Like many an oppressive political regime before it, Iran has shown a horrifying effectiveness in marginalising its own artists. In 2010, a decade of increasing censorship and intimidation eventually came to a head for the Iranian New Wave great Jafar Panahi. He was arrested and branded an agitator against the state and a shameless propagator of anti-government propaganda, and was warned against his purported inflammatory criticism of Iran’s domestic policy impacting both within the country and in the international community.
Contrary to mounting outside pressures and the expectation of a more forgiving jury in his initial trial, Panahi was tragically handed a 20-year ban on filmmaking of any kind, and a six-year jail sentence. The court’s decision inspires righteous anger, and is the harshest possible punishment for a man who unquestionably was one of Iranian culture’s most incisive commentators, yet who always showed an unerring respect for public tastes and customs, if not institutional ones. By contrast Panahi’s former mentor Abba Kiarostami, for instance, has managed to evade the forces of national censorship by defecting to less confrontational digital documentary works like ABC Africa, and more recently, making films abroad in the national vernacular of their own indigenous art cinema, with the marvelous and puzzling Certified Copy and the forthcoming Like Someone in Love, set in Japan.
This is Not a Film is the first wisp of an artistic response to his virtual incarceration, but understanding it merely as a documentary account is severely limiting. More than any other contemporary national cinema, it is not enough to reductively classify features from the Iranian New Wave merely as works of contrived fiction, or incontestable examples of ‘direct cinema’. Whereas something like A Separation is clearly a more traditional piece of narrative storytelling, the vaunted Iranian New Wave films of Kiarostami, Samira Makhmalbaf and Panahi ask more rigorous questions about our natural distinction between ostensible fact or fiction- how the medium of film customarily asks us to accept contrivance as spontaneous, real ‘action’, even if much of their work actually does self-identify as a documentary. Although This is Not a Film gains more credence than Panahi’s other films in being grounded in the day-to-day circumstances of its creator’s predicament, we should be wary of pigeonholing it too abruptly.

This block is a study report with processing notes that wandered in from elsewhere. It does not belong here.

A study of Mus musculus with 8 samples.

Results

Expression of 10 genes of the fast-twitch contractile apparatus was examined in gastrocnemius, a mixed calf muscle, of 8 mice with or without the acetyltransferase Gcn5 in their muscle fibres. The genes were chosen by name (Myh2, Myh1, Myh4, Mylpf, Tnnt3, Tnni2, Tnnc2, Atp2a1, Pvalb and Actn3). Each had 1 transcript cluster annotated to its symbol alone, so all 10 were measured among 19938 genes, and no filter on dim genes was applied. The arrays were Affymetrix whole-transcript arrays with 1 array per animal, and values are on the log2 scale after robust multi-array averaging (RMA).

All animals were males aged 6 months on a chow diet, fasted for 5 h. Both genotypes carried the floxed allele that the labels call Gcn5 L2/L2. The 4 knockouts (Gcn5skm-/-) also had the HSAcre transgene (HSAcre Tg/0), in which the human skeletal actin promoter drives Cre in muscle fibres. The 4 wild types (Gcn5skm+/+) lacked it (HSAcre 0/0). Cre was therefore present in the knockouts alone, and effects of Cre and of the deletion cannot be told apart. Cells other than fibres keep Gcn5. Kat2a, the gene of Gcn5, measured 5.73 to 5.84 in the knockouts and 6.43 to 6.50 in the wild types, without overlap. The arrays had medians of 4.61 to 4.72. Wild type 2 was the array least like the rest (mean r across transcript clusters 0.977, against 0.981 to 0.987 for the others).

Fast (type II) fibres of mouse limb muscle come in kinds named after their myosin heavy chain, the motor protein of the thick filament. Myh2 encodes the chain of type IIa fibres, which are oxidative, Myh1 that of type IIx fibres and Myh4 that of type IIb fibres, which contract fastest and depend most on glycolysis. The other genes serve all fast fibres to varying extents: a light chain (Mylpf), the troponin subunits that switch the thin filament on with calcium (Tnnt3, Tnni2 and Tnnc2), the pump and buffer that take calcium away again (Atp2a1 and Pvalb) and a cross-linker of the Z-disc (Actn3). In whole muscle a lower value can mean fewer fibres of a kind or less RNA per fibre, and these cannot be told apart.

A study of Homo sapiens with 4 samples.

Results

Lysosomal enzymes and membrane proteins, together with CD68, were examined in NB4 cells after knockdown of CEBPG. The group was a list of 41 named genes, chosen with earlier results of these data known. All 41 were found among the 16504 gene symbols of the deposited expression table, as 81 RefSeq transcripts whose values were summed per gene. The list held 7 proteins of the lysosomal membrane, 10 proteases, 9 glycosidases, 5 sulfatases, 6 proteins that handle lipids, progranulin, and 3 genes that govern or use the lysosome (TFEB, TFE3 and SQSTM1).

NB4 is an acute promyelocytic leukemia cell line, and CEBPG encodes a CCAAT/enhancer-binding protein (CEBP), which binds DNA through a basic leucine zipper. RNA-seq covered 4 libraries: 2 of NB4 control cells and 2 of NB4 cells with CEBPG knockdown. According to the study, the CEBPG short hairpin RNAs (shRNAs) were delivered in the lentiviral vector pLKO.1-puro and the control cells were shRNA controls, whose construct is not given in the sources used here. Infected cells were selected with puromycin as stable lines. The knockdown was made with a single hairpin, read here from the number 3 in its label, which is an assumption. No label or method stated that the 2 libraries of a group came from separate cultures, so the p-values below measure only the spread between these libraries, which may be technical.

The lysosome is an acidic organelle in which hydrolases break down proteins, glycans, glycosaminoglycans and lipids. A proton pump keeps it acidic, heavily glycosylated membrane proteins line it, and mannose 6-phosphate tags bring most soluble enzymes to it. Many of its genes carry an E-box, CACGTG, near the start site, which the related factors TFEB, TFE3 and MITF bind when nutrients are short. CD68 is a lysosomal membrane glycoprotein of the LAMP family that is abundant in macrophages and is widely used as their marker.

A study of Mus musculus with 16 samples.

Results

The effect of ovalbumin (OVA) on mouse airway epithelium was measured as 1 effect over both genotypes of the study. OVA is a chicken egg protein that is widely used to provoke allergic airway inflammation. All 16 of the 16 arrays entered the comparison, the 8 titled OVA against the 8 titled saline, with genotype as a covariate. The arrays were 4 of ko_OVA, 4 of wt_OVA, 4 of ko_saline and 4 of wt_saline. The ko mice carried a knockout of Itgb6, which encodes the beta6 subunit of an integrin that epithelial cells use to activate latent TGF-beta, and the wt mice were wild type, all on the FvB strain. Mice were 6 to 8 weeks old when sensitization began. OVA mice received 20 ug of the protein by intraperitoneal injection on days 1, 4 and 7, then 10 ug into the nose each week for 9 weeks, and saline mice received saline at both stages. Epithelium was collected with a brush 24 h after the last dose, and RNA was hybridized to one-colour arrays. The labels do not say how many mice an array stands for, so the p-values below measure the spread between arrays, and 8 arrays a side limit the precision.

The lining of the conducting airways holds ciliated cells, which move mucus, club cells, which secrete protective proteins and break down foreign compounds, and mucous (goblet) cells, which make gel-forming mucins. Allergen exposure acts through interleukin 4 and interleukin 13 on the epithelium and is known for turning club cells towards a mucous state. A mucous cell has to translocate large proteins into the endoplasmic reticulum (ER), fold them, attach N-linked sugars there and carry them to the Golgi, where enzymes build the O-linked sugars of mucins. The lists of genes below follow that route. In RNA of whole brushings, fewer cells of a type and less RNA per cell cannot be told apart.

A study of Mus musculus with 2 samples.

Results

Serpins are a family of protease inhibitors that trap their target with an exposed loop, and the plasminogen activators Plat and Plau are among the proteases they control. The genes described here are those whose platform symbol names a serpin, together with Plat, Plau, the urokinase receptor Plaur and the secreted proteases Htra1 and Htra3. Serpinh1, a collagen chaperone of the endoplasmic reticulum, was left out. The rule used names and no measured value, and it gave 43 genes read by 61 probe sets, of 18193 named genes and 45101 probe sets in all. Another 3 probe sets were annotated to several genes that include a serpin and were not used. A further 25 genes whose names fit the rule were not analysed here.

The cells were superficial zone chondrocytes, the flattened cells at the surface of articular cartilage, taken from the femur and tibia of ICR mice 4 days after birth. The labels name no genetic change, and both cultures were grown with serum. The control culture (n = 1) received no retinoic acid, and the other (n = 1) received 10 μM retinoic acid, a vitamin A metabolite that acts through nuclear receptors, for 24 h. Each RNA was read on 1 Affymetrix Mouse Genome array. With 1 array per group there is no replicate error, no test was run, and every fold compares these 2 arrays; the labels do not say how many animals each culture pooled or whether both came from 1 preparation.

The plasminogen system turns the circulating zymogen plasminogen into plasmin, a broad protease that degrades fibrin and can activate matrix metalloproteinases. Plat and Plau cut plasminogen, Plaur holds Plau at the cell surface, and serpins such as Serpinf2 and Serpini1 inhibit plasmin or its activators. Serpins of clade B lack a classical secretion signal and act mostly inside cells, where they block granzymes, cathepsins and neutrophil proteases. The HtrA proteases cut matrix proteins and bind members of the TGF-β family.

Regardless of taxonomy, in a more immediate sense This is Nota Film takes its place in a lineage of some of the great incarceration literature. Faced with an atrocious turn of fate, jailed writers such as Boethius or Oscar Wilde have made a virtue of solitude and composed some of their most profound and urgent work. Panahi is a similarly free-flowing creative spirit, naturally impelled to make films, or record the life and world around him. And so with the most scant of resources – a digital camera, an iPhone, some masking tape, and the welcome contributions of his pet iguana Igi – he delivers his own proverbial Consolation of Philosophy, a tense staring match with Lady Fortune, an annotated virtual lecture and assessment of his past oeuvre, and a raised fist of solidarity to those upholding his struggle outside his balconied apartment-prison.
The Magritte-influenced title is almost a brusque, cheeky touch – as if stating plainly what it isn’t, and so crudely, is enough to circumvent the official terms of his filmmaking ban. And his credit as an actor in the film as opposed to the directing assignation attributed to Mojtaba Mirtahmasb is also part of his clandestine method of deflection. As the much-related story goes, This is Not a Film was only able to leave Iran loaded onto a USB stick at the centre of a cake – the film was greeted at last summer’s Cannes like a desperate message in a bottle – revitalising proof that such an important voice will not be silenced.
“Don’t go out there, Mr. Panahi, they’ll see you with the camera,” the part-time janitor introduced in the epilogue stresses as he’s accompanied down the building’s elevator with the director. After 75 minutes of his dispatch conceived with a disarming clarity, passion and dignity, keeping tabs on his appeal with a harried lawyer, movingly playing-out unrealised film scripts, and addressing the state of Iranian revolutionary culture in conversation with Mirtahmasb, Panahi is offered a rare glimpse of the outside streets, the atmosphere laden with an air of nervy unrest on the day of the Iranian New Year street celebrations. And in a studied, poetic touch, the final shot is of a raging street fire: obviously not staged, but selected in an artificial sense for direct dramatic impact. It is a potent symbol – redolent, perhaps, of the idea that voices like Panahi’s will not be silenced.